NCAA March Madness is just around the corner. In homage to the great annual event we’re running a Portland Trail Blazers bracket here at Blazer’s Edge this month. After whittling down a bracket of 16 players, including almost all of the franchise greats, we’re finally down to the final pairing. Time to vote for the one Trail Blazers player you’d bring back for a year to see them play again, either from fondness or to help the current squad achieve greatness.
The original idea came from an article from Dia Miller and Dave Deckard, detailing the Blazers they’d most like to see one more time. The piece was fun and well-received, so we’re making a bracket of 16 candidates and letting you vote for your favorites. Eventually we’ll see which player you’d most like to bring back for one more go.
Here are the conventions:
- We’re not including Bill Walton and Clyde Drexler, since everyone should want them back for overwhelming talent and impact purposes. They count as, “Anytime, Anywhere” legends.
- You can vote in the comments or on Twitter @blazersedge. We won’t get as many votes that way as if we just opened a poll, but the discussion is important as well.
- You don’t necessarily have to consider the current roster or the state of the team as you make your choices, but you can. You’re voting for the player you’d most love to see suit up for one more season. The qualities/memories of that individual player are the most important things. Helping the current team is a bonus which can weigh in your decision, but doesn’t have to.
- Sadly, we’ve lost some of the players on this list. We remember them with honor and thank their families for sharing them with us through basketball so we could appreciate and remember them.
- Go ahead and envision the best Blazers version of each player. That’s part of the fun!
As expected, our final matchup features two titans from history, each with powerful arguments on their side. Both are well-able to weather the reality that the team has changed since the first three rounds of this tournament ran. The Blazers have different needs right now than they did three weeks ago. But either of these stars would help any team in any era. It’s up to you to choose your favorite.
Arvydas Sabonis won his first-round matchup with Billy Ray Bates handily, squeaked by franchise legend Maurice Lucas in the second round, then bulled past beloved guard Drazen Petrovic in the semi-finals to reach the ultimate round. A mountainous center with point-guard skills and a legendary reputation, Sabas will be hard to unseat.
No player outside of first-overall draft picks created more stir upon his arrival in Portland than 7’3 Lithuanian center Arvydas Sabonis. His exploits with the Soviet National Team throughout the 1980’s and early 1990’s were legendary. He destroyed all opposition behind the Iron Curtain, and most of it in the Spanish pro league, emerging occasionally to lead the Soviets to glory in international competition. He was as big as a mountain, as lithe as a breeze, had huge hands, immaculate footwork, prescient vision, passing ability, and range out to the three-point arc.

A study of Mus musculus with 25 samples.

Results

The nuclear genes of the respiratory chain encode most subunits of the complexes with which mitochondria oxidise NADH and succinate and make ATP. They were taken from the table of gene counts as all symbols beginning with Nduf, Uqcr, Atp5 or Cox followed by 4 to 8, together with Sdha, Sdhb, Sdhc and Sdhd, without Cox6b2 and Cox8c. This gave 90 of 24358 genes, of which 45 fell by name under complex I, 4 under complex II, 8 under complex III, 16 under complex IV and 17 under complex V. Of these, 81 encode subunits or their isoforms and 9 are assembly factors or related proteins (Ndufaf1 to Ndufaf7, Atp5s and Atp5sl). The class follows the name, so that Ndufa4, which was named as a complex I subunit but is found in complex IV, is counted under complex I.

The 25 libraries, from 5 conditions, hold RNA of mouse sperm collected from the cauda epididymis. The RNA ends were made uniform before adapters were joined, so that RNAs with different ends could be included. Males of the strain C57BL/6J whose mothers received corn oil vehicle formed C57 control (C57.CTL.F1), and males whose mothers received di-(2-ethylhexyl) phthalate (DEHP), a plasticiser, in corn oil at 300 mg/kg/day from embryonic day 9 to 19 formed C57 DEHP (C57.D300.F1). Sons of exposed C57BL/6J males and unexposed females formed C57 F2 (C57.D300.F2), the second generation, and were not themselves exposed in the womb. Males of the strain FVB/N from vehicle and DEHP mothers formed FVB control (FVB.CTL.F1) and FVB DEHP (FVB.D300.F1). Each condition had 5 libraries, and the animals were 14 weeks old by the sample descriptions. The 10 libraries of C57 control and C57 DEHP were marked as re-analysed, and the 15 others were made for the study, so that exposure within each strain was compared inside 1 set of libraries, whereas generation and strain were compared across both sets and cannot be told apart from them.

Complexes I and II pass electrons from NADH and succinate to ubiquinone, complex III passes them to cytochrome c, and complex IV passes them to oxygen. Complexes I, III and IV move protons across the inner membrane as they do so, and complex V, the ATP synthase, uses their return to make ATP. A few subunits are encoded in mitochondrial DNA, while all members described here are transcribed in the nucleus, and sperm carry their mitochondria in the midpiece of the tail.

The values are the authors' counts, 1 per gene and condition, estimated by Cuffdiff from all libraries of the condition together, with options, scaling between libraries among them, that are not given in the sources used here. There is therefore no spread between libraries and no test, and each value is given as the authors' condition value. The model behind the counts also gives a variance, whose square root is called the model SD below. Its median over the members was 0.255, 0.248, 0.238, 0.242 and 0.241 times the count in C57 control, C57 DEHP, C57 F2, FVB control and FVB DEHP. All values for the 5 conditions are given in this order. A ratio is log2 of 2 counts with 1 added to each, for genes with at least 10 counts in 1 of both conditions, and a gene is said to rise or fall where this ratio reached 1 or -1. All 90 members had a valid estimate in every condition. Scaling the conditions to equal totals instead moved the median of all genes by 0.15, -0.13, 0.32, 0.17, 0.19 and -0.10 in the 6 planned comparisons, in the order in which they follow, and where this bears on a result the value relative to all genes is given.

Injuries slowed Sabonis and limited his effectiveness well before he joined the Blazers in 1995. Even a hobbled, bulk version was able to accomplish plenty:
Sabas played 470 games for the Blazers, averaging 12.0 points and 7.3 rebounds in 24.2 minutes. His game would translate into any era, including the modern one, especially with his ability to stretch the floor on offense and clog the middle on defense.
Brandon Roy handled shooting superstar Geoff Petrie easily in round one, edged out combo-forward Cliff Robinson in the second round, and emerged ahead of revered forward Jerome Kersey in the semi-finals, a heartache-inducing race. Like Sabonis, Roy’s career was cut short by injuries. Will Portland fans choose the generation-defining shooting guard over the center?
Here’s Roy’s bio:
After being selected 6th overall in the 2006 NBA Draft then being traded to Portland on draft night, Brandon Roy set about building a Rookie of the Year season and a memorable career. Sandwiched between heralded big men LaMarcus Aldridge and Greg Oden, Roy outshone them all. In his first four seasons with the Blazers he averaged 20.2 points per game, shooting 46.7% from the field, earning three NBA All-Star appearances. He had a deceptively-accurate jump shot, spliced through by even-more-deceptively athletic drives to the rim. He was also the original game-finisher before Damian Lillard took over that role in 2012.
Watching Roy glide to the rim is an experience. Watching him hit buzzer beaters is downright ethereal.
Nobody will ever forget Roy scoring 24 points in the fourth period in Game 4 of Portland’s series with the Dallas Mavericks in the 2011 NBA Playoffs. He brought his team back from a deep hole against the eventual champions, staking them to an 84-82 victory and keeping them alive for another day.
The Blazers would lose that series, then lose Roy the next season. His knees crumbled, leaving his career as a brief, shining testimony to greatness. Seeing Brandon line up beside Lillard would be a sight in itself, let alone the one-season redemption story for an NBA Great that never had the chance to tell the greatest story with his talent and drive.
The choice is now before you, Blazers fans. Brandon Roy or Arvydas Sabonis. Which player would you invite back, fully-restored to their Trail Blazers greatness, to play one more year with this team. Vote below in the comments!